In Los Olvidados, a film about a doomed boy living in a Mexico City slum, Luis Buñuel goes where Charles Dickens won’t. Buñuel, a Spanish exile from Franco Spain who lived in Mexico through the 1940s and 1950s, dispenses with middle-class Victorian sentiment. Like Dickens, he shows us the abyss that lies at the heart of a great capitalist city. Unlike Dickens, who always pulls back at the last possible moment, he sends us right over the edge into the gaping maw of despair and poverty.
13 year old Pedro lives with his young mother — he has no father — and an indeterminate number of siblings. He, his neighbor Meche, El Jaibo, Julian, and a boy named “Ojitos” or “little eyes” are not proletarians. Rather, all of these lost children are part of capitalism’s “reserve army,” the unemployed and marginalized raw material who wait for their lucky chance to be exploited, and who are discarded like trash when they’re not.
El Jaibo, the film’s villain, who’s about 17 or 18, has no illusions about his place in Mexican society. He doesn’t want a job. He sleeps where he can, gets by on what he can hustle. He did a stint in juvenile detention, but escaped at the first opportunity, and seems gifted at dodging the police. He’s a natural leader, the dominant member of the local gang that includes Pedro. But El Jaibo is no revolutionary. In fact, he’s probably worse than a simple predator, who would just take what he needs to survive. El Jaibo is a cancer, the rotten, malicious heart of capitalism embodied in one late adolescent boy. First he kills Julian, the boy he believes to have ratted him out to the police — it’s never really clear if he did or not — then he sets his sights on Pedro.
We don’t really need to figure out why El Jaibo wants to destroy Pedro. It’s just in his nature. But if there’s a reason, or an excuse, it might have something to do with how he’s never had parents. He has a vague memory of a mother he lost when he was just a baby, but, even since then, he’s been a feral animal of the Mexico City underworld. If it takes a village to raise a child. It takes a great city to raise El Jaibo. Pedro, a naive and an innocent, Oliver Twist without protectors, and without the inherited money that will save the day in the end, is vulnerable because his mother hates him.
Pedro’s mother, who works scrubbing floors, sees her children not as a blessing, but as burdens, her love contingent on behavior. Pedro, who hangs out with El Jaibo and the local gang, and spends nights sleeping in the streets, does not win her approval. There’s a heartbreaking scene in the beginning of the film where, even after he begs, she still denies her son food. He finally steals a piece of bread and runs off. But it would be hard to call Pedro’s mother a villain. She’s just another beaten down lumpenprole, so caught up in the Mexican class system she can’t envision a a way out, or even figure out where she is.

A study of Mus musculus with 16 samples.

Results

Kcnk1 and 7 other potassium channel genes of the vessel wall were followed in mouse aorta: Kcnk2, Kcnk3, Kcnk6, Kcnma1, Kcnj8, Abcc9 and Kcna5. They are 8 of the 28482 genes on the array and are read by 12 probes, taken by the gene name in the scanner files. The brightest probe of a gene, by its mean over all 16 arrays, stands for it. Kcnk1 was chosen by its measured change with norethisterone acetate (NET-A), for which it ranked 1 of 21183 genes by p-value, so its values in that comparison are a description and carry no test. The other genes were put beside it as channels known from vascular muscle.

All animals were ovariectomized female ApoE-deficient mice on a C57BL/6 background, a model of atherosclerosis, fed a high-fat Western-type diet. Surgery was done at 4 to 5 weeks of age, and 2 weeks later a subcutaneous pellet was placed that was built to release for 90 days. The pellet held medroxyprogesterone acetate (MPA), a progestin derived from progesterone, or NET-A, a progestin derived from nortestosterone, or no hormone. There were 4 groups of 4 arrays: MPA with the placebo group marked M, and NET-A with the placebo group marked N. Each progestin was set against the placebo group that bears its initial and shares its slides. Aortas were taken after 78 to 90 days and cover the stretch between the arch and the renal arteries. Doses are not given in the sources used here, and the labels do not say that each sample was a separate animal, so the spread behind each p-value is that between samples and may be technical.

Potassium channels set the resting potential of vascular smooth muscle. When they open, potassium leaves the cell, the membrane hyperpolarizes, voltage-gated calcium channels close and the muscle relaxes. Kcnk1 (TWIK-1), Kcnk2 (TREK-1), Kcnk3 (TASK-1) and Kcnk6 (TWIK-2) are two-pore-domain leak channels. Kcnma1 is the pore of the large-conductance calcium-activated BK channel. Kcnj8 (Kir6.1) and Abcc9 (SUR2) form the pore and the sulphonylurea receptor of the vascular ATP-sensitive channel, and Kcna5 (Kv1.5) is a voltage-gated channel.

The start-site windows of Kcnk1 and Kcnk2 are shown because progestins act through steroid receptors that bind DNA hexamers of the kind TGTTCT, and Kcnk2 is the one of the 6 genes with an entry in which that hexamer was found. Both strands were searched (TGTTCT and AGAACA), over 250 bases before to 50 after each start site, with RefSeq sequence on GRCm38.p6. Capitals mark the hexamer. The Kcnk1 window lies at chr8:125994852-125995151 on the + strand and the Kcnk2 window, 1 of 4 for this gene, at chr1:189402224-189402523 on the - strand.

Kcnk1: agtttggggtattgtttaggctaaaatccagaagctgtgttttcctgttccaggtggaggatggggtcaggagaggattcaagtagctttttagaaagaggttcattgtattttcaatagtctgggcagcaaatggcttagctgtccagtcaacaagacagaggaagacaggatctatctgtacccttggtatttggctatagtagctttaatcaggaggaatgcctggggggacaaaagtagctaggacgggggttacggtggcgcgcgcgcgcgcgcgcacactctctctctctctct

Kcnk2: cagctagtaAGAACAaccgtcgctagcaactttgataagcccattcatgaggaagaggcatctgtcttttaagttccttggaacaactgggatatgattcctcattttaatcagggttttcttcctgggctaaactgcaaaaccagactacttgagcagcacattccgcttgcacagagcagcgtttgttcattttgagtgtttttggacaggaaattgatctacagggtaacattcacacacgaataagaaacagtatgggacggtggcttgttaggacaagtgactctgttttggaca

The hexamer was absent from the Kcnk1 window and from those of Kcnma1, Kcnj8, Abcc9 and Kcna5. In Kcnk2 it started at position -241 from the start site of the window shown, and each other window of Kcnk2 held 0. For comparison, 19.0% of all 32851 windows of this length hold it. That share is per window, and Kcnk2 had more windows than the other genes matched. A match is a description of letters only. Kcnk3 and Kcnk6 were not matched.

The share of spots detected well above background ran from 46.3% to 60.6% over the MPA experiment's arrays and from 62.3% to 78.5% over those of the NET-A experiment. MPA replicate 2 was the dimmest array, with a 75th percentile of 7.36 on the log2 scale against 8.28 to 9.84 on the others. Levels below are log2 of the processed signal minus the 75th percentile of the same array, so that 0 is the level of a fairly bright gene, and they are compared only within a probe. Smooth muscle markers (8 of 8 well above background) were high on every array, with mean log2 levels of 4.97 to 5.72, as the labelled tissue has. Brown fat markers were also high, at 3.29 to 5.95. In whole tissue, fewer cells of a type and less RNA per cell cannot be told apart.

Pedro, like most little boys, is determined to win his mother’s approval. He gets a job at a blacksmith’s shop, and seems to thrive until El Jaibo shows up an steals an expensive knife. His mother never doubts his guilt, and she signs away her son’s freedom in the blink of an eye. The family court judge is, in fact, a little shocked at her callousness. Take him away, she says. I think we should prosecute the parents, he responds. The reform school, or “farm school” Pedro is sent to is an enlightened institution with a kindhearted director who wants to teach Pedro how to read and set him up in a trade. To show the unhappy little boy that he trusts him, he gives him 50 pesos and tells him to run an errand. But El Jaibo, like Pedro’s malevolent double, is waiting outside. He steals the 50 pesos, and runs off. Pedro goes back to his mother.
Buñuel, unlike Dickens is a cruel artistic god. There is no salvation. He puts Pedro in a glass jar like a bug, and shows us his inevitable fate. Pedro denounces El Jaibo to the neighborhood. El Jaibo kills Pedro. Meche, a girl of 14 or 15, who, unlike Pedro’s mother, seems kindly and sympathetic, finds the body. She knows El Jaibo did it, and wants to turn him over to the police. But her grandfather is afraid they’ll both get accused of being accomplices. “Let’s dump him somewhere,” he says. To our disgust, but not surprise, they put Pedro’s body in a cart, cover him up with a blanket, cart him right past his mother, who’s had a change of heart and is frantically looking for the little boy she abandoned, take him out to the city dump, and throw him on a pile of trash. Neither displays much emotion. El Jaibo, in turn, finally gets just what he deserves The police who, thanks to Pedro’s denunciation, now know he killed Julian, chase him down, and, when he refuses to surrender, shoot him dead.
Los Olvidados is truly a vision of hell.